Fast, Cheap, and out of Control

During our meeting the other day, Q gave me some interesting insight into this documentary by Errol Morris. One of Morris’s more interesting choices is to intertwine the interviews with apparently random scenes of the circus. He told me the key was to listen to what was being said in the interviews during these interludes, and to ask myself what the significance of these scenes might have in that context.

If we think in terms of the title and of the recurring themes that are reflected in each individual’s story, the circus makes a pretty incisive metaphor. The circus, like the carnival, is a place where unusual and improbable things can happen, a place that is rife with at least the appearance of randomness, lack of control, primality– in short, magic. It is a space where the rules of polite society need not apply.

Let’s have a look at the four individuals that are Morris’s case study. We have a wild animal trainer (Dave Hoover), a topiary gardener (George Mendonça), a mole-rat specialist (Ray Mendez), and a robot scientist (Rodney Brooks). What could these four possibly have in common?

Well, they are all rather unusual jobs. And, when asked, they all seem to have similar reasons for working them.

For Mendonça, it’s about “making” “green animals”, shaping shrubbery that “constantly needs repairing, getting out of control”. His work bespeaks a philosophy of living; it is only possible to sustain his work with infinite patience and devotion.

Hoover trains wild animals because, he says, wild animals are “just like people” on a basic level– it’s about psychology, always making it clear who’s in charge. It’s about maintaining control. Interestingly, after telling the viewers several stories of near-death experiences with his feline wards, Hoover reflects about his career and about friends in his line of work who’ve died in accidents and mishaps with the animal– “lost control”. “I don’t think anybody thinks they’re gonna die, do they?”

Mendez became a mole-rat specialist because the mole-rat is such a unique specimen of creature, a society unto itself. “It’s trying to figure out what the purpose is that interests me,” he says. “It’s the intellectual part that’s interesting for me, it’s about self-knowledge.” When people come to visit the mole-rat exhibit at the zoo, he sees in their faces that they’re “finding themselves in another social animal.” Mendez adds that, in an evolutionary model, the concept of stability is equal to the concept of death; without chaos there is no change, only stagnation. We are all either “prey, enemy, or ignored”. (and, indeed, it made me wonder about the kind of society we live in when Mendez stated that “only in captivity do animals get to get old”…)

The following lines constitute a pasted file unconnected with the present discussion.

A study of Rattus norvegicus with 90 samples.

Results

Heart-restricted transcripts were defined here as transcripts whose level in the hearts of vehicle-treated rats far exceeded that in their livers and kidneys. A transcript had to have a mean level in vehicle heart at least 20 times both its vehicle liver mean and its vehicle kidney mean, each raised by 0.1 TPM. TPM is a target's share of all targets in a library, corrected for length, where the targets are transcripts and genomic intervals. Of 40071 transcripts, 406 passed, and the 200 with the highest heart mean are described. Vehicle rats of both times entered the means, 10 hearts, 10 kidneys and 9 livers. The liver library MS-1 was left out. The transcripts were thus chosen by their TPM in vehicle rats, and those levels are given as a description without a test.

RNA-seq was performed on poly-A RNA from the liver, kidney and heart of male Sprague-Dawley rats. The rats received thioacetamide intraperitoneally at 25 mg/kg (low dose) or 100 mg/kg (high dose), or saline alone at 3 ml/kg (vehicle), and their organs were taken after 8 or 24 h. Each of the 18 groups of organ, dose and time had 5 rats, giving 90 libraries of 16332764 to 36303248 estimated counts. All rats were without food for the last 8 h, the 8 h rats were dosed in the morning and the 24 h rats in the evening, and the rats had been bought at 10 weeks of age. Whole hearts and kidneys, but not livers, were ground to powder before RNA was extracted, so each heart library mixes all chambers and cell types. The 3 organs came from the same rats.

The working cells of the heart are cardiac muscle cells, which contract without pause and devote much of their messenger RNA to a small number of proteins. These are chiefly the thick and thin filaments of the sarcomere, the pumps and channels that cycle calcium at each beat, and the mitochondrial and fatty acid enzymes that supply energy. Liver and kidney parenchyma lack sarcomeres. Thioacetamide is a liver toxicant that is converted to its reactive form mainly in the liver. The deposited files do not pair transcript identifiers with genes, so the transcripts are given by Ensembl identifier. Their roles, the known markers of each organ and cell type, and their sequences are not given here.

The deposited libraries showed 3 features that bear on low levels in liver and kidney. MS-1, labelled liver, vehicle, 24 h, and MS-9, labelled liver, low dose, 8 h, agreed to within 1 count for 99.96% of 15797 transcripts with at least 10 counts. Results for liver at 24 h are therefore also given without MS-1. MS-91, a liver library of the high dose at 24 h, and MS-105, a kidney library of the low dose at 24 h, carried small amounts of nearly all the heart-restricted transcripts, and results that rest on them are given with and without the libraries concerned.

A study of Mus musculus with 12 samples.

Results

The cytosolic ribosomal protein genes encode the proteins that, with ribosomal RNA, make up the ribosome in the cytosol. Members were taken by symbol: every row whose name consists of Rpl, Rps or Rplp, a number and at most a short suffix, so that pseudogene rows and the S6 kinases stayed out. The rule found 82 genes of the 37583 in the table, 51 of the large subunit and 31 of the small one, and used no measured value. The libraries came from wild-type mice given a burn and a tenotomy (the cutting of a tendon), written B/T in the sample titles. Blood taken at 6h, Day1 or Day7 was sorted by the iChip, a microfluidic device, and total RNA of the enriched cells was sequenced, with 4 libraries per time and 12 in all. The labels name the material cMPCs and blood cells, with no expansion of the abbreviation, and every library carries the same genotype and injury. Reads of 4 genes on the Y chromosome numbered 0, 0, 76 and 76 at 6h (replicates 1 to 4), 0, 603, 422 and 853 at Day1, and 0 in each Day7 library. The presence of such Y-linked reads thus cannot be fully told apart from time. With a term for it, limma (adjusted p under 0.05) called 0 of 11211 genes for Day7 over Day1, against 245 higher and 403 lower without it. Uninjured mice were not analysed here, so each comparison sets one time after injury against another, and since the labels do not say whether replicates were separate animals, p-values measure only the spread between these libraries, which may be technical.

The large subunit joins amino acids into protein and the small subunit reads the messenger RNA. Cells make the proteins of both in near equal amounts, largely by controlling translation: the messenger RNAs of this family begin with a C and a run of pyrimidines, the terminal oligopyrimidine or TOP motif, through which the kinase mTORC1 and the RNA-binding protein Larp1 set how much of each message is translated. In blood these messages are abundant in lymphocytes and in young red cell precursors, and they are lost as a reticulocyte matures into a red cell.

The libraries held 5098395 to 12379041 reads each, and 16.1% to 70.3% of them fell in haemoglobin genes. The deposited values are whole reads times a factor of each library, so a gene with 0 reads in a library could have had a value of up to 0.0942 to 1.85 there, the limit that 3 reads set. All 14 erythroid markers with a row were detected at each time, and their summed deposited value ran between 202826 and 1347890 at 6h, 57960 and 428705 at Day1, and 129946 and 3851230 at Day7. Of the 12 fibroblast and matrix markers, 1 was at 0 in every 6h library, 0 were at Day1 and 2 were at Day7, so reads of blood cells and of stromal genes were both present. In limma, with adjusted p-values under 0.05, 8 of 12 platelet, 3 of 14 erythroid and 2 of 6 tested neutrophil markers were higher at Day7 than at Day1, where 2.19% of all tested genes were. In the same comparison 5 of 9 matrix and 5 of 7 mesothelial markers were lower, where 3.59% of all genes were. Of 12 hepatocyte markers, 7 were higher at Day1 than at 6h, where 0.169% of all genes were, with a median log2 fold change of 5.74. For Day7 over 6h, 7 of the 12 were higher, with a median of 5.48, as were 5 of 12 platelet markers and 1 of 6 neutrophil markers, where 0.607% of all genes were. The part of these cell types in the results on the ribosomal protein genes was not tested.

Many people think, Brooks tells us, that building robots is “something that men do” since they can’t conceive– it’s a way to build babies. But, since his lab is mostly female and offers proof positive that such a notion is obviously flawed, Brooks suggests another possibility that crosses genders: “[we are] understanding life by building something that is life-like.” When Brooks builds his robots, his “artificial creatures”, his aim is to create a “different way of living…prototypes for living entities, mammals”.

So let’s add it up: All are concerned in some way or another with control, acknowledging that maintaining a level control is necessary but paradoxically complete control is not only impossible but undesirable. All are concerned with life, creating it or sustaining it or both. And all of them see the object of their work as a mirror in which they can see themselves reflected as human beings.

Are the scenes of the circus also committed to these concerns? The trapeze artist always precariously balanced, risking life and limb, the lion tamers– balance is so precious, control is crucial, and yet the purpose of amazing the crowd of spectators, transforming them into a collective feeding off the wild energy of its performers by giving off what is at least the illusion of chaos. The performance is designed to create life by sparking something in the spectator, satisfying some primal need that predates civilization.

I’m not sure what comment all this makes about cyberliterature or posthumanism, but there’s no denying it is fascinating. One thing that has a direct application to what I have been discussing in this blog is a quote by Rodney Brooks:

I don’t believe it’s possible to have a disembodied intelligence without a physical connection to reality. …Everything, everything in our thought process is built around being in touch with reality– even the word “touch”.

Where does that put the case for embodiment in posthumanism?